This article summarises an interview with Lou (age 45) about her experiences of living with the Fragile X premutation, which was conducted as part of a recent study.
Can you tell me a bit about yourself and your family?
So I am married and I have three boys. My fist two children developed normally, but my third son had developmental delay but he also had some physical problems as well. So for a while we weren’t sure if his delay were due to his physical problems, but when he was about two and half we had it looked into and he was found to have Fragile X premutation. So as a carrier he was also showing symptoms, and that’s when I found out that I too was a carrier.
What about hobbies, career?
Well, I am a maths teacher. I have taken time off to look after the children, so I have just done some bits of work really. I also do some volunteer work for the NSPCC.
As for hobbies, I like to run. So I do a bit of running to keep fit. I like to go out with friends, go for dinner and things like that. One of my husband’s hobbies is sailing on small boats, so we tend to do that sometimes on the weekend. We used to go walking, like climbing hills and such but we can’t do that now much because of the children.
Can you tell me a bit about your childhood; what was your social environment like?
I have always had quite a lot of friends. I mean, a few years into secondary school I did develop a smaller group f friends and we are still friends now. I never had problems with socialising, that it’s in fact one of my stronger points, really. Wherever I have been working or I when I have travelled a bit, I have always found it very easy to make friends. I was a little shy when I was kid, but I never thought it was anything out of the ordinary since it was more like being shy in new situations, otherwise I was quite sociable.
We have found from research, that some women face mental health issues due to the premutation. Is that something you identify with? Do you think these difficulties are linked to the premutation?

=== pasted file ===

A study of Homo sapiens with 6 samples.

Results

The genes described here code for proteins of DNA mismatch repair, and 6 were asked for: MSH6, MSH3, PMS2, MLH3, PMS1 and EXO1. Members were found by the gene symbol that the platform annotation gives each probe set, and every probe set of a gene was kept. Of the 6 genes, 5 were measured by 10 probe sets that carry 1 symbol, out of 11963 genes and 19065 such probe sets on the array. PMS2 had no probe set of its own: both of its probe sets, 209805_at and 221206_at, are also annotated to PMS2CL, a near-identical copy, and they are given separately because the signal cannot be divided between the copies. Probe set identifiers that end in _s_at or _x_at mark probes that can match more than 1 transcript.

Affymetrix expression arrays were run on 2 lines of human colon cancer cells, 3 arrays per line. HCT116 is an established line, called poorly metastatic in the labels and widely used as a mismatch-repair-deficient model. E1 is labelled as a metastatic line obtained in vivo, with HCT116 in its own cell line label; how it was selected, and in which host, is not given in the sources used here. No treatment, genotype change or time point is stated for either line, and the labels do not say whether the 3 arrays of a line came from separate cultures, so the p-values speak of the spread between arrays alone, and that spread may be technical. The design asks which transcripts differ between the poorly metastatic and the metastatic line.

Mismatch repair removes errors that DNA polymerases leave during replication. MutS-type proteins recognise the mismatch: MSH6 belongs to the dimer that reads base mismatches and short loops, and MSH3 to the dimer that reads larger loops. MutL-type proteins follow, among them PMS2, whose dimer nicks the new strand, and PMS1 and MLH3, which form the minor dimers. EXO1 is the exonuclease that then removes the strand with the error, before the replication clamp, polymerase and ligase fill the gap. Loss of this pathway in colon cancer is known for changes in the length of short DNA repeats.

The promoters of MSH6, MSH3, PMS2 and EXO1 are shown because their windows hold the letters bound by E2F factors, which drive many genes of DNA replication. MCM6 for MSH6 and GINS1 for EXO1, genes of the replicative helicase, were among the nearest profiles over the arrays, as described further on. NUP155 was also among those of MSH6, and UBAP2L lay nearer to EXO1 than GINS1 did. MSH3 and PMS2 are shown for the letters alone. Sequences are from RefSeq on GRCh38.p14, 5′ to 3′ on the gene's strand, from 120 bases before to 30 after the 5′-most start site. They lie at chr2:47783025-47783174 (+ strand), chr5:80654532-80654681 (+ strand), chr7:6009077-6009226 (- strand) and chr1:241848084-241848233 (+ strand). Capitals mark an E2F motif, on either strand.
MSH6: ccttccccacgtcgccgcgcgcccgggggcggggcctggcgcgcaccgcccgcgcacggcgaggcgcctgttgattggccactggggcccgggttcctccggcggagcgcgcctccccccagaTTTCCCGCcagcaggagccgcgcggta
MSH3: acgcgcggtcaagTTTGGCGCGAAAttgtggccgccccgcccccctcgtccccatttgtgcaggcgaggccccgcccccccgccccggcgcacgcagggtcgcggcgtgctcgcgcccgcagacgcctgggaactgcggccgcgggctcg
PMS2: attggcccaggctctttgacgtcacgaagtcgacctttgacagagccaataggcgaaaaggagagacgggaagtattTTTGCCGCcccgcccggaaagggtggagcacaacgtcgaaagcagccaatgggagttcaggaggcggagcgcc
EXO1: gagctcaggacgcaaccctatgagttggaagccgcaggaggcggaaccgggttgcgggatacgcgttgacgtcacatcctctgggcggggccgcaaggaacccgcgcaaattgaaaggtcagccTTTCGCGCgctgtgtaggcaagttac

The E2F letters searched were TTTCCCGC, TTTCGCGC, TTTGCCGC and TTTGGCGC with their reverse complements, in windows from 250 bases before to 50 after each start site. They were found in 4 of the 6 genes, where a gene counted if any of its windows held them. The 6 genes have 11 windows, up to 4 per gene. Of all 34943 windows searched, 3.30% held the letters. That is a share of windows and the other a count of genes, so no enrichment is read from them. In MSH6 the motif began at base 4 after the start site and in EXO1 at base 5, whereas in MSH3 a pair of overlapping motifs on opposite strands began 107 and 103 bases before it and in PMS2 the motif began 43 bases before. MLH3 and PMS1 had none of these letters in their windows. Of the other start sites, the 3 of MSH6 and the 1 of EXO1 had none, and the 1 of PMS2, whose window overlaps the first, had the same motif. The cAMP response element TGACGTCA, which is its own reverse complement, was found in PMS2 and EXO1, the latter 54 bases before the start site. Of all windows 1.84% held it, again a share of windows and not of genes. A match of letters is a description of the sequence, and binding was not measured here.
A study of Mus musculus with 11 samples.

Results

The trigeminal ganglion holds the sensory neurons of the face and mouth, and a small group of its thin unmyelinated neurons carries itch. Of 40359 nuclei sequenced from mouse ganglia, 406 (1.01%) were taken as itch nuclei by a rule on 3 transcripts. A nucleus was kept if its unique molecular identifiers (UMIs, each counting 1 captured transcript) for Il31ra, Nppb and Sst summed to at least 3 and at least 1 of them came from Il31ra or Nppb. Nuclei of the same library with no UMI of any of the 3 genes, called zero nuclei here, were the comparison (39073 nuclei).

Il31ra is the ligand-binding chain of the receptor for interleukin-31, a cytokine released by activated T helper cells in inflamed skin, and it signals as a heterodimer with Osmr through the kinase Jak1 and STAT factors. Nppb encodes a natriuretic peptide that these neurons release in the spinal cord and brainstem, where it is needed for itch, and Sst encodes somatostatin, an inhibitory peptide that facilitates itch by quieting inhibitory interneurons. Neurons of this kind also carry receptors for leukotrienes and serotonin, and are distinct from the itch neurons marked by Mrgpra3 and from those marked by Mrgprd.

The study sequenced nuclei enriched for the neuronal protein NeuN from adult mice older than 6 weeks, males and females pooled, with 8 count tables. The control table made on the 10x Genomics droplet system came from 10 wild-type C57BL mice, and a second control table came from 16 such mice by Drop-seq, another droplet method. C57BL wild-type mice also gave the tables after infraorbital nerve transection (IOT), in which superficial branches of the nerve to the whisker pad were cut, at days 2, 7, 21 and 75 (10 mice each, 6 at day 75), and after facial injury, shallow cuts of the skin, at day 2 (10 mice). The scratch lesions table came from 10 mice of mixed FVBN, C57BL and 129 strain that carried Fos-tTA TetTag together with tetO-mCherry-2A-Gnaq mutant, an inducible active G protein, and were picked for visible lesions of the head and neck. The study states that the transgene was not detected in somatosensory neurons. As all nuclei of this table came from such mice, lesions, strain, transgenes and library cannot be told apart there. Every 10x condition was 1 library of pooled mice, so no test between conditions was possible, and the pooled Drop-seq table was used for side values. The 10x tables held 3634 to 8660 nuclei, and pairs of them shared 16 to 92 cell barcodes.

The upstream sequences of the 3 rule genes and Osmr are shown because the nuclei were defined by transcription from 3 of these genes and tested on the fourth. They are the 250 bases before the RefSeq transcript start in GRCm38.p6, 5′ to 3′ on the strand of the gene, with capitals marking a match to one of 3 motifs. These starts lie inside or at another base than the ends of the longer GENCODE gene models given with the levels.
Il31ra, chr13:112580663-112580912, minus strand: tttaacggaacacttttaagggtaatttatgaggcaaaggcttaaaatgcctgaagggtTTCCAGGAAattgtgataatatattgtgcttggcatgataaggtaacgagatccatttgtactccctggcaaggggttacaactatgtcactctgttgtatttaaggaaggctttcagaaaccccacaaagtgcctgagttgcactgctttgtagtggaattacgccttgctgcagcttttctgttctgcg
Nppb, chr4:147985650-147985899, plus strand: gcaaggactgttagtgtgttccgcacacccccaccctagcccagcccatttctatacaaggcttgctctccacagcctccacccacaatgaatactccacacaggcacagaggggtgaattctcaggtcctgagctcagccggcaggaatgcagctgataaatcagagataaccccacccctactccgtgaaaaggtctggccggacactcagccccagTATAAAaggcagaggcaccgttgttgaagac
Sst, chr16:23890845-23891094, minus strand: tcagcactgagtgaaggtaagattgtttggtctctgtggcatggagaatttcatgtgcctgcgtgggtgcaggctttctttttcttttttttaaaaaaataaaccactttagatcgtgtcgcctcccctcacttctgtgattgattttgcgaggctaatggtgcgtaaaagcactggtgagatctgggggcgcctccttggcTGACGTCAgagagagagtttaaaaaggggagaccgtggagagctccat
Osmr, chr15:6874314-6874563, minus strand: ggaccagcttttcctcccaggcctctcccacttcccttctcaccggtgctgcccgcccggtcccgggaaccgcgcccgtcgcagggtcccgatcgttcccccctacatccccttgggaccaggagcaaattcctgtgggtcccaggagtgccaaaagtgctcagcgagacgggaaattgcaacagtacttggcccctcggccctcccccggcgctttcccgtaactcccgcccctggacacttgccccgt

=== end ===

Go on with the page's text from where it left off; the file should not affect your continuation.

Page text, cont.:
Well, I have had one time in my life, a period when I suffered, not really depression, but it was a very upsetting time. I was about 27, and a lot of things happened in my life all together, and I had what I suppose you could call a breakdown. But I managed to function, I kept on working and I was never kind of, diagnosed. But for me it was just a significant time of my life and it took me a while to rebuild again. But that was just one time, and never ever before have I faced depression. I mean I know lots of people suffer bad times in their lives for different reasons, so I don’t know if you can classify it as depression or even if you can put it down to the premutation. I don’t know. I don’t know if anyone else (without the premutation) might not go through something similar if they faced all those circumstances together.
I think I have a propensity for anxiety, and that maybe could be because of the premutation, but I manage it well. But honestly before I found out about the premutation, I just thought that I was a bit of worrier.
What are some of the positive impacts of finding out about the premutation?
I think it makes me more sympathetic and understanding to others, I think so. We all get complacent about coming from a perfect genetic pool, and then finding out that you are not so genetically perfect is hard. So you become more understanding of other people with difficulties.
To read more about the findings of the research study, for which this interview was conducted, click here.